While deer seem to eat everything when they’re hungry, there are some plants they usually don’t bother. (Scorpions and Centaurs, flickr)

While deer seem to eat everything if they are hungry, I have never seen them eat peonies or iris in my yard. So if you have deer but don’t have the Louisiana iris ‘Black Gamecock’ you must get it.

It has dark purple, velvety flat blooms with three tiny streaks of yellow. It arranges itself in a vase, and I can’t get enough of it. It likes moisture and humidity and is hardy to zone 4 in full and part sun.

Another deer-resistant beauty is Liatris spicata, a drought tolerant native that attracts butterflies. The common name is Blazing Star, and it produces lavender-pink spires of bloom in summer in zones 3 through 9.

For a statement in the shade garden, plant the tall Royal Fern, Osmunda regalis, which has lovely green fronds April to frost in full or half shade zones 3 through 9.

Salvia ‘May Night’ is a blue beauty that is deer resistant and hardy too, as is the whole salvia genus so it is worth investigating.

Again for the shade garden, Christmas fern and all types of bleeding heart, as well as lily of the valley, perennial geraniums, and lungworts—all are also safe from deer. And, of course, in sun our reliable native coneflower, Echinacea, now has lots of new cultivars, though the original is still the most reliable and stalwart.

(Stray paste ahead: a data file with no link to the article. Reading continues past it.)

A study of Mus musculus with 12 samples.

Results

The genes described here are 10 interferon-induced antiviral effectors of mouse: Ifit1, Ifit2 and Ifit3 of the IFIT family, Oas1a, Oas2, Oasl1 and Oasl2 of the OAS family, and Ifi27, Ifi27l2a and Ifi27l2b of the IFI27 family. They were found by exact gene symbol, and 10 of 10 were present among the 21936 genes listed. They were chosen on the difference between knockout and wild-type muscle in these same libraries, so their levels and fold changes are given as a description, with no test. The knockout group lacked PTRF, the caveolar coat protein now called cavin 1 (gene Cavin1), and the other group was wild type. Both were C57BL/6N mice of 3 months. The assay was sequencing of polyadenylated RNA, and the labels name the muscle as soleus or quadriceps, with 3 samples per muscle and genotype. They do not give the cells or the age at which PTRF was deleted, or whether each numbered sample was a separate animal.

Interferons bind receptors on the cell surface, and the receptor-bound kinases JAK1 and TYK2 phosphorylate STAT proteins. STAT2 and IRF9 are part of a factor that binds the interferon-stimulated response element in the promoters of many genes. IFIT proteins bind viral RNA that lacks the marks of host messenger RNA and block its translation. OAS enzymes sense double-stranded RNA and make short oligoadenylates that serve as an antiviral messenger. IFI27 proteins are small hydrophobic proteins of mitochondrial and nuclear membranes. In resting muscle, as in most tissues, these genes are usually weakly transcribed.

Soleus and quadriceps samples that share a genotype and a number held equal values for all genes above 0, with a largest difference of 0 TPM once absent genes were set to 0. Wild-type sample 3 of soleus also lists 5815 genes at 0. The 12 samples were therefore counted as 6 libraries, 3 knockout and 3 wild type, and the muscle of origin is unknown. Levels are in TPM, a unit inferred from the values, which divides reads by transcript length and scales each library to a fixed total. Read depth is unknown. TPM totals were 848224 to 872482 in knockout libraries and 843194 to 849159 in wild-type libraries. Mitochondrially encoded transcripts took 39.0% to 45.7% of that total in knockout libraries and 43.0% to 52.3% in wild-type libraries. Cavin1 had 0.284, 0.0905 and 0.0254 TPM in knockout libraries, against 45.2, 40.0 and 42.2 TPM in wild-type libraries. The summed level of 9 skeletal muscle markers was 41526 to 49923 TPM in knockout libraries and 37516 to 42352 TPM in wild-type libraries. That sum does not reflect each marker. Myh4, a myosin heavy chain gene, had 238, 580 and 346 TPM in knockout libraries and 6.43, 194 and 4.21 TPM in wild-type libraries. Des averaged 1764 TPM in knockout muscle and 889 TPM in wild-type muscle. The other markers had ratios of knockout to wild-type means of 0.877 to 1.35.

For color in the dog days of summer next year, scout the sales now for crepe myrtle shrubs that are hardy in your zone.

Moya Andrews

, originally from Queensland, Australia, served as Vice Chancellor for Academic Affairs and Dean of the Faculties at Indiana University until 2004. In the same year, Moya began hosting Focus on Flowers for WFIU. In addition, Moya does interviews for Profiles, is a member of the Bloomington Hospital Board, and authored Perennials Short and Tall from Indiana University Press.